J. F. Oberlin


J. F. Oberlin (August 31, 1740 – June 1, 1826) was a French pastor from Alsace and a philanthropist. He has been known as John Frederic(k) Oberlin in English, Jean-Frédéric Oberlin in French, and Johann Friedrich Oberlin in German.

Oberlin College, an American liberal arts college in Ohio, was named for him upon its founding in 1833. Obirin University in Tokyo, Japan, which was named for Oberlin College, also bears a variant form of his name.


Born the son of a teacher at Strasbourg, he earned a doctorate in theology at the university in his hometown. In 1767 he became pastor of a remote and barren region in the Steintal (Ban-de-la-Roche), a valley in the Vosges on the borders of Alsace and Lorraine.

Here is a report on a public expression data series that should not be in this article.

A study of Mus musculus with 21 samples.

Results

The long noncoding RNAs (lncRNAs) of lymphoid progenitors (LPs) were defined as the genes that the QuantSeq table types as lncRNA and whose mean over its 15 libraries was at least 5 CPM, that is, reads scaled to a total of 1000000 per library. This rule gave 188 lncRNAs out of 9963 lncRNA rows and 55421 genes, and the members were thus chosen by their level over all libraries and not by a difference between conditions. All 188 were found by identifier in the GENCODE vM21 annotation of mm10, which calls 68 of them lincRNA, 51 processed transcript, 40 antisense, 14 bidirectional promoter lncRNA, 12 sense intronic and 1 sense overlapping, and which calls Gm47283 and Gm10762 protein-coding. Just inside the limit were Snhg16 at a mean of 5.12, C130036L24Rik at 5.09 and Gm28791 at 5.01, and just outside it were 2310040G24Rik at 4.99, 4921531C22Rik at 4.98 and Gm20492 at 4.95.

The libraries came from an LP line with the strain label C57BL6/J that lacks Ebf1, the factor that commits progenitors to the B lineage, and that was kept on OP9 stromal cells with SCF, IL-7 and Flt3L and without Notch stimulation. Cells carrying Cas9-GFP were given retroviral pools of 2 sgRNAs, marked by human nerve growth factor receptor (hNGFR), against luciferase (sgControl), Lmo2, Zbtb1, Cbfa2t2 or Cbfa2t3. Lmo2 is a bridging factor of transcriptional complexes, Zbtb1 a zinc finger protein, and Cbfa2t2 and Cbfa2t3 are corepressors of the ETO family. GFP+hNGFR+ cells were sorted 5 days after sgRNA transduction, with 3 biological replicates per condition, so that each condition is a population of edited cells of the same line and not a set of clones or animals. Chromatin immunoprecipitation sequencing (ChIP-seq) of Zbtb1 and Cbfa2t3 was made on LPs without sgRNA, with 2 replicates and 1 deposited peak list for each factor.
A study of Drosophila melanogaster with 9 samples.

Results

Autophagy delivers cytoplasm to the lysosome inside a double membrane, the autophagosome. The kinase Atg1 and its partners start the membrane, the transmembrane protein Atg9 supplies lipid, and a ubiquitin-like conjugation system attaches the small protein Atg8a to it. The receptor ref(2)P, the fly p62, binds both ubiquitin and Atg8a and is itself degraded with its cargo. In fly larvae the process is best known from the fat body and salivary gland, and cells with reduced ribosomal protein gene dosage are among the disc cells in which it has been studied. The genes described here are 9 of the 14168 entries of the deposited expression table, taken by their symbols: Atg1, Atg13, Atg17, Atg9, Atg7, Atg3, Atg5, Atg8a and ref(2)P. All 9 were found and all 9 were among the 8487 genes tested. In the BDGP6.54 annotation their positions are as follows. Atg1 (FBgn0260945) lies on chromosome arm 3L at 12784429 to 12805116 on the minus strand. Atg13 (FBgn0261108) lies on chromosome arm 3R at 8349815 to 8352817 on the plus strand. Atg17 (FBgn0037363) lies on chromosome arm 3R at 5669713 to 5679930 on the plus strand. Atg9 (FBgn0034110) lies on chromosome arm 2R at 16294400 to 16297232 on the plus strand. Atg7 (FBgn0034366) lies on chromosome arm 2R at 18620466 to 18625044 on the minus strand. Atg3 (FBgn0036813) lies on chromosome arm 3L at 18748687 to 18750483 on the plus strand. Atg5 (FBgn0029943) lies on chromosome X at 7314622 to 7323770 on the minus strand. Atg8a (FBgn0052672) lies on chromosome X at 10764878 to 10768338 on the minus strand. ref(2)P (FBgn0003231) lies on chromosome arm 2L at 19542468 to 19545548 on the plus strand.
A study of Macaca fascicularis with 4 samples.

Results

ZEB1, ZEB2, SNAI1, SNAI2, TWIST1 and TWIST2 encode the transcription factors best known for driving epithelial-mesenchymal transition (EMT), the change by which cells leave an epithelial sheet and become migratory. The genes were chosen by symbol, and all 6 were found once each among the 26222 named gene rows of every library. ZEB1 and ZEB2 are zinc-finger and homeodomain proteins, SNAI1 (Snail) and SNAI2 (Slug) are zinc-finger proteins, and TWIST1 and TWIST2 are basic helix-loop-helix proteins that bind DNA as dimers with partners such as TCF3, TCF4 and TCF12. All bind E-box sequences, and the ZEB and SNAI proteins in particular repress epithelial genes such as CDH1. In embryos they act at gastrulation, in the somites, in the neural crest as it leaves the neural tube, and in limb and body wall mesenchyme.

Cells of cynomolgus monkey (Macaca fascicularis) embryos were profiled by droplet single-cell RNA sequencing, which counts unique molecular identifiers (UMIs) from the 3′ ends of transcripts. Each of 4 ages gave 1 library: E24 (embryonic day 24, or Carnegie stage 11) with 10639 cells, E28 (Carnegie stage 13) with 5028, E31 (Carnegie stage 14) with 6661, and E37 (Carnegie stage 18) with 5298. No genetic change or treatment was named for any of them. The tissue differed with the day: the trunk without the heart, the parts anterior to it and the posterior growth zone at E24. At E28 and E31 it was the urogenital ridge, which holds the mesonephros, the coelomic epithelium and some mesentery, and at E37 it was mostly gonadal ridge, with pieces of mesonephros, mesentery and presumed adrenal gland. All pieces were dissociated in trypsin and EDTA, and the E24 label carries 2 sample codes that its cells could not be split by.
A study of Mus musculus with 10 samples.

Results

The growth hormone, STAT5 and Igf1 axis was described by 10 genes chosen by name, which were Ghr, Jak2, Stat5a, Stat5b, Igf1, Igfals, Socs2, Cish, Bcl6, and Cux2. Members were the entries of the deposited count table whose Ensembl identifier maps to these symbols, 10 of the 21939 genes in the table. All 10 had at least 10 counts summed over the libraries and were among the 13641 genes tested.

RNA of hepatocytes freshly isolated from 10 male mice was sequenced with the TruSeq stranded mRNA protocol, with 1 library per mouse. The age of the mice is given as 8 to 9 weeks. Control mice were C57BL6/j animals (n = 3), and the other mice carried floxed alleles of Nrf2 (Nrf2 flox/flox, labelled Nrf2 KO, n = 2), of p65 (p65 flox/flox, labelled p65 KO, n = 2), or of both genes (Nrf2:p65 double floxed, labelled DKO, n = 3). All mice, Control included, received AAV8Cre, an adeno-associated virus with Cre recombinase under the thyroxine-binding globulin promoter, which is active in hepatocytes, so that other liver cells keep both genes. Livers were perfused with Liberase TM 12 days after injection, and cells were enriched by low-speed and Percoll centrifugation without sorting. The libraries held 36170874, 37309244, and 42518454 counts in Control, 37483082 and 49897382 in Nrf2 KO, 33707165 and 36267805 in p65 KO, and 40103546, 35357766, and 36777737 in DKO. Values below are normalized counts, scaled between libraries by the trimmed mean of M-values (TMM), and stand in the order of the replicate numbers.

He set himself to better the material, and spiritual, condition of the inhabitants. Directing himself to their spiritual condition, each month he preached three sermons in French and one in German.

He began his work for their material improvement by constructing roads through the valley and erecting bridges, inciting the peasantry to the enterprise by his personal example. He practised medicine among them, and founded a loan and savings bank. He introduced an improved system of agriculture. Substantial cottages were erected, and various industrial arts were introduced.

He founded an itinerant library, originated infant schools, and established an ordinary school at each of the five villages in the parish. In the work of education, he received great assistance from his housekeeper, Louisa Scheppler (1763–1837). His orphan asylums were the beginning of the many “Oberlinvereine” for the protection of children.

He died in 1826 in Waldersbach, where he had lived for 40 years. He was interred with great manifestations of honor and affection at the nearby village of Urbach (now Fouday, Bas Rhin).

His brother Jérémie Jacques Oberlin was a noted archaeologist and philologist.